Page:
Children's charity Barretstown has issued an urgent appeal to the Irish public after Covid-189 caused the cancellation of numerous fundraisers.
Barretstown was founded by Hollywood actor Paul Newman in 1994 and is located in Ballymore Eustace, right on the boarder with west Wicklow.
The charity offers free, specially designed camps and programmes for children and their families living with a serious illness. However, the Covid crisis resulted in the cancellation of a number of vital fundraisers, with Barretstown dependent upon the public for 98 per cent of the funds that make their work possible.
As a result of these cancelled events, Barretstown's income will be down by approximately 30 per cent. There are currently over 8,000 children and family members on Barretstown's waiting list.
Explaining the impact Covid-19 had on the charity, Dee Ahearn, CEO of Barretstown, said: 'Since we first opened our gates in 1994, we have brought the magic of Barretstown to over 60,000 campers. This year has been the hardest we have ever faced. We've done everything we can to bridge that gap by reducing our costs where possible and developing new fundraising initiatives.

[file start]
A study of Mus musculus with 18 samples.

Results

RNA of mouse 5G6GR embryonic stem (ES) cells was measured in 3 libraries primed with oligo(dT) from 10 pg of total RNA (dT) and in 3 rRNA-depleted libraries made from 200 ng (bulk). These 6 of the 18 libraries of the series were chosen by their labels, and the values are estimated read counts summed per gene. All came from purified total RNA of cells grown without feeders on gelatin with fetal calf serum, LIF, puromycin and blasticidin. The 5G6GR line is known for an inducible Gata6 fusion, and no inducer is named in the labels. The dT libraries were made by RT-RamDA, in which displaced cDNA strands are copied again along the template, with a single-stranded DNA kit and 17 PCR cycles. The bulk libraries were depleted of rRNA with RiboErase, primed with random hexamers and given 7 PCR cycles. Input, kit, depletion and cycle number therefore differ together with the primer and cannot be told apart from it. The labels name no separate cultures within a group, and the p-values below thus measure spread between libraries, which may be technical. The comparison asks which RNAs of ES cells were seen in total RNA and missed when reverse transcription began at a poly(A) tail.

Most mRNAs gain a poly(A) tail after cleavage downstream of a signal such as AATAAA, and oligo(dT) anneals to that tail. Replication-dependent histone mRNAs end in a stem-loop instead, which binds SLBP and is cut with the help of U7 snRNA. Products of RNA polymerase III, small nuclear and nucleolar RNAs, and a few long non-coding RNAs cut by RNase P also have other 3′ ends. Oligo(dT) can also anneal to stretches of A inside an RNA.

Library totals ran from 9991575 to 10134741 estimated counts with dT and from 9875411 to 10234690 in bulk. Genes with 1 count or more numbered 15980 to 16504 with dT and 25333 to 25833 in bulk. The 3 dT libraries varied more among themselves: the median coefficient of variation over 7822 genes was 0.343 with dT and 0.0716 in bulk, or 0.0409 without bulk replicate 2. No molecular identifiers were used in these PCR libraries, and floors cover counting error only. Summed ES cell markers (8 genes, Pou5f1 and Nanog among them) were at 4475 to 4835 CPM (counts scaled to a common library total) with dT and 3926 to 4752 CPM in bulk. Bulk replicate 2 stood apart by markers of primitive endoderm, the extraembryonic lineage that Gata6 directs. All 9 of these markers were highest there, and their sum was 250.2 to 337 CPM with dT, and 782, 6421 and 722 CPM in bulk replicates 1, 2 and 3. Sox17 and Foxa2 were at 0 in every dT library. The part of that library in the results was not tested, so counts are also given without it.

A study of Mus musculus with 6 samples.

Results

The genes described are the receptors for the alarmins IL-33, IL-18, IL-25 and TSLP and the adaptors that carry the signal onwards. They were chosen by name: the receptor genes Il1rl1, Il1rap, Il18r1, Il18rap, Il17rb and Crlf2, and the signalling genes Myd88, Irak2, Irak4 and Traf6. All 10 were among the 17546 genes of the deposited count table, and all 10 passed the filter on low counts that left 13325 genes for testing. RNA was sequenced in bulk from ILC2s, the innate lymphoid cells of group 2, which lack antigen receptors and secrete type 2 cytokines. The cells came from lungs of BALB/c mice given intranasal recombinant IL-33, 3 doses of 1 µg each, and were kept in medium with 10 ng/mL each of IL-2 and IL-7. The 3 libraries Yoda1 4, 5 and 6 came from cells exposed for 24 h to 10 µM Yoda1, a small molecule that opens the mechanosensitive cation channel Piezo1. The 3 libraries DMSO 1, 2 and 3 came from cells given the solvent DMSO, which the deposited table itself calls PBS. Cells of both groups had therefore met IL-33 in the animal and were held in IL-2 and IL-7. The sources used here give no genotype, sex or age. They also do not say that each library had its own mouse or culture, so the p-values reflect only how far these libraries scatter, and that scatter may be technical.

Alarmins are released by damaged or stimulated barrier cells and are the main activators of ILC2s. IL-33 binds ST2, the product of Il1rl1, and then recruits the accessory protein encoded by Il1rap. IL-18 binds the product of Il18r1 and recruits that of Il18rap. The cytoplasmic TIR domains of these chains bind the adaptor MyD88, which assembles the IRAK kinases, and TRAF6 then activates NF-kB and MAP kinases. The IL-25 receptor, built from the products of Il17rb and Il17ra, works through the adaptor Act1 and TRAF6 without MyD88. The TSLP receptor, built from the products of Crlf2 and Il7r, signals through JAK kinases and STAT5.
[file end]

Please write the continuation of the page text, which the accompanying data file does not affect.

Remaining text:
'But it is still a major challenge. We are planning on restarting our full therapeutic camps and programmes in autumn and will be running extra camps, back to back to help support the staggering 8,000 children and family members now on our waiting list. However, to make these extra camps happen, we urgently need to raise vital funds by to counteract our income shortfall. To make that possible, we urgently need the public's help.'
Donations can be made by visiting www.Barretstown.org.
For the past few months, the charity has been bringing their programmes to life through 'Barretstown Live' - an online interactive platform that livestreams the charity's activities into homes nationwide.
The Barretstown team has created a specially designed studio onsite to deliver these programmes. The broadcasts take place every week to families who were due to come to the Barretstown site, to children isolated in hospital and to children who were due to attend Barretstown's summer programmes.